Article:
Day two on our LA adventure dawns and we’re itching to get on the road. We’re excited because the particular roads we’re not waiting to get on happen to be two of the most storied roads in the auto enthusiasts lexicon. Today we use the excellent CLA AMG to tame the epic Mulholland Highway. And to get there, we taking the irreplaceable Pacific Coast Highway. So what I’m saying is that it’s going to be a good day.
After a hearty home-cooked egg and bacon breakfast, to fortify our bodies and courage of course, we expectantly plopped ourselves down into our Merc’s firm sport seats. A touch of the starter button, a fiddle with the mirrors, and we’re off to meet our California road destiny. Or so we thought. We all know LA is known for its traffic. It’s freeways are some of the most congested in the nation, but that’s why we’re avoiding them and taking the famous PCH. But someone forgot to tell the locals, because the Coast Highway was just as slammed and slow as the much-cursed 405 freeway. Stop and go. For miles. Our 355 horses under the hood trapped behind an endless beige sea of Priuses and Range Rovers. The PCH is a great road that perfectly winds around some truly breathtaking ocean views. But anywhere within the Los Angeles County line, it’s just another congested road to crawl along. We were solely disappointed. That said, further North away from the city the traffic vanishes and the PCH can be one of the best coastal drives in these United States.
But up North we are not, so we are thankful when we finally spot the sign we’ve been aching for – Topanga Canyon. With a frustration-venting mash of the loud pedal, we catapult off the Coast Highway and onto Malibu’s infamous canyon roads. Mulholland has played host to automotive antics of everyone from James Dean and Steve McQueen, to racers like Richard Petty and Mario Andretti, to the everyday garage monkeys like you and me. It is first and foremost the people’s road. An equal opportunity joy-giver and fender-denter. And most importantly after the disappointment of the PCH, it lives up to its hype.
The CLA AMG is all-too happy to tackle this icon. It positively paws at the pavement below as it rockets from apex to apex. I’m giving the 4Matic all wheel drive – and bucket seats – a workout and they are proving very capable of holding up. This AMG is not a super car or purpose-built sports car; it’s a tarted up commuter sedan. It has limits. But I’ll be damned if I found them during our day in the high desert canyons.
Mulholland has a bit of everything. Long straights, gentle sweepers, and a treacherous length of impossibly narrow hairpins affectionately called The Snake by the locals. The Snake is where the posers stop short. It is a highly demanding and technical. It is also constantly populated with fully-armored motorcyclists pushing their Ducatis and Aprilias insanely close to your fenders. The Snake is for real, and we threw the CLA AMG into it by the scruff of its neck. I’d love to tell you all about the tire smoke and sideways drama we got into. But I can’t. From perfectly executed hairpins to completely botched switchbacks, the AMG handled it all the same – it tightened up, made a terrific noise, and accelerated out with as much speed as I could coax out of it.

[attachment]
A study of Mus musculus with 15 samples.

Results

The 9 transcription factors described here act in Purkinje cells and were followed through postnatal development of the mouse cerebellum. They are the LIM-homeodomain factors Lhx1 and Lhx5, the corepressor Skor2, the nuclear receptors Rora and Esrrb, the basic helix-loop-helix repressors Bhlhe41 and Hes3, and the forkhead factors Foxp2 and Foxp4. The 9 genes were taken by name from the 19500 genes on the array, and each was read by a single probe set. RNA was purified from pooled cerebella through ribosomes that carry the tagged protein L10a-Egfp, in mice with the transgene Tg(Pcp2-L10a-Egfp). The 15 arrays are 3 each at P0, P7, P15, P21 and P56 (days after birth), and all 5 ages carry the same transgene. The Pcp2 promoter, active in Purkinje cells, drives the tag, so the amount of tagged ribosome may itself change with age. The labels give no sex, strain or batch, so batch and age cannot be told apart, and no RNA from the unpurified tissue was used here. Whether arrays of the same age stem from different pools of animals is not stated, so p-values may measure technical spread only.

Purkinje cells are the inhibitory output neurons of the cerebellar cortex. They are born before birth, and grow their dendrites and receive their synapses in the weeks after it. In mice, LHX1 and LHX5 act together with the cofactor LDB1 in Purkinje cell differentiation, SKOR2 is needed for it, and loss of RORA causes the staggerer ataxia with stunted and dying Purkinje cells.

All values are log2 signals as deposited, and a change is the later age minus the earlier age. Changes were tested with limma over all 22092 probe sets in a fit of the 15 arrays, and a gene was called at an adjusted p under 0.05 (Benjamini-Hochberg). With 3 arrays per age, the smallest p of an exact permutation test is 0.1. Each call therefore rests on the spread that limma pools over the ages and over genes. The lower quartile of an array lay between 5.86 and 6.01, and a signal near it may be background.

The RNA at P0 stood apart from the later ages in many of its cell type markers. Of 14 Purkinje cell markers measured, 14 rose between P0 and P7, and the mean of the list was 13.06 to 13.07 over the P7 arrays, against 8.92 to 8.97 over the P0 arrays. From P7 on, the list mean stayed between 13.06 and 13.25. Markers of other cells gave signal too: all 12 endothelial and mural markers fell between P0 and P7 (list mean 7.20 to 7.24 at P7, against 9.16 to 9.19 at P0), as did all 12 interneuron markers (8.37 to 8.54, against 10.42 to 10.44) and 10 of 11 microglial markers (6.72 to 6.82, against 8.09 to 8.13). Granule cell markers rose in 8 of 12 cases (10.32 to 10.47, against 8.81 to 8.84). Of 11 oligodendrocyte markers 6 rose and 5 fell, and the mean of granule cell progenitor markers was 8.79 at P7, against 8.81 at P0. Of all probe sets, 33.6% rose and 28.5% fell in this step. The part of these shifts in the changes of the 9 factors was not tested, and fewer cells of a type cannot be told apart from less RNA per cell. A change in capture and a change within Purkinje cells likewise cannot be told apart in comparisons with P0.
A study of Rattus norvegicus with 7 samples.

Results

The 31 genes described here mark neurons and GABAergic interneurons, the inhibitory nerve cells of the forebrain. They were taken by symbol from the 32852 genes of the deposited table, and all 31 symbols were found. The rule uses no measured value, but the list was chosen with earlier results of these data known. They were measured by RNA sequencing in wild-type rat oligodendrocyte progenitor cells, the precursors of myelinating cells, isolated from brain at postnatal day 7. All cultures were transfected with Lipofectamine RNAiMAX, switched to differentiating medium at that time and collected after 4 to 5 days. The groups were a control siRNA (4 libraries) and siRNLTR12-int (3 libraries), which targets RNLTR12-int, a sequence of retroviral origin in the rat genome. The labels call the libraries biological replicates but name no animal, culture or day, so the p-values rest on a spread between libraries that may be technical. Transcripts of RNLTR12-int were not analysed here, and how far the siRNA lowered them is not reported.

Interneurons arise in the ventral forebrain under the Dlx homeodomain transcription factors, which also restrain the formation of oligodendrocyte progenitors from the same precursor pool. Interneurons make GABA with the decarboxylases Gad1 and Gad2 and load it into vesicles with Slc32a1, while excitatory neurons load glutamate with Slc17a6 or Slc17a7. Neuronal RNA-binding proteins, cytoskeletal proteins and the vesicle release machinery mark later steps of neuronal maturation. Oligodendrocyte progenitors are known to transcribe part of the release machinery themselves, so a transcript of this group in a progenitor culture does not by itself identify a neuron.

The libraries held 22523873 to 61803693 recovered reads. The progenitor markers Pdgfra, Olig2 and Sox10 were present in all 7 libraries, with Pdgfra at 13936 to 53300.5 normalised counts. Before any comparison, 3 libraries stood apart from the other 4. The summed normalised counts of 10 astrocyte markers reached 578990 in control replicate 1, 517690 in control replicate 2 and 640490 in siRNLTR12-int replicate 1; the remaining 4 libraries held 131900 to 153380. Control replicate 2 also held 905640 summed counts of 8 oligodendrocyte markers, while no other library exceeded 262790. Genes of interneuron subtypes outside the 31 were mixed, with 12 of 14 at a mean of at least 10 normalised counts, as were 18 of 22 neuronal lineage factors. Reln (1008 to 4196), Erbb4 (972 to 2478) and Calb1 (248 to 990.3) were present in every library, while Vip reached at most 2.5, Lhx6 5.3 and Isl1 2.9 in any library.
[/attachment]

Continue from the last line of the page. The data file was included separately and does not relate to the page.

Mulholland’s famous twisties proved no match for our Merc, as we tired out well before our Teutonic chariot did. If you’re visiting Mulholland, its obligatory that you make a stop at The Rock Store. Believe it or not, we did not see a geode, crystal, or any other kind of rock for sale there. The Rock Store is the go-to stopping place for the bikers, cyclists, and drivers who claim The Snake every weekend. The food’s not brilliant and its always crowded, but everyone is friendly and there are always plenty of fun rides to check out.
After a full day attempting to get in as much trouble as possible on these narrow roads, we point the Merc West and ride out the remainder of Mulholland back to it’s exit on the PCH – a full 39 miles North from where we entered the canyons. We get to enjoy a few miles of un-trafficked PCH, then it’s back to the grind. You always know you’re near Los Angeles when you hit bumper-to-bumper traffic.
It has been a long and sweaty day, and the FactoryTwoFour crew marches on its stomach. Before getting back to our base at Venice Beach, we detour East to Santa Monica’s Sawtelle Blvd. For about 1.5 miles this strip of pavement is West LA’s Little Osaka. We have come here for some of the best ramen this side of Tokyo. Situated on the far edge of the street right where Sawtelle’s Japanese-ness peters out and returns to burger joints and Best Buys sits Daikoku Ramen. Smack dab in-between a Panda Express (for the unadventurous tourists) and a Marshall’s discount store, this tiny restaurant serves up hearty bowls of happiness. With an interior done up to perfectly mimic a Japanese side street, and a pork broth that is cooked and simmered over 24 hours, Daikoku is legit. Salt is the killer of good ramen. You can spot an inferior product right away if it tastes salty. Next up are the noodles. They should still be al dente even after sitting in the piping hot broth during the coarse of your meal. If your noodles lose their slight bite or you’re tasting more salt than pork, you’re eating like a chump. Daikoku has no worries on either front.
After slurping our way to and past satisfaction, we are well and truly stuffed. We knock off the evening with an enourmous bowl of Hawaiian shaved ice down the block and head home to plan our last day in this town we’ve come to love, Los Angeles. Our final day is going to be a doozy too – with street art, taco stands, open-air markets, and a few hundred miles of criss-crossing this crazy cities neighborhoods. Can’t wait.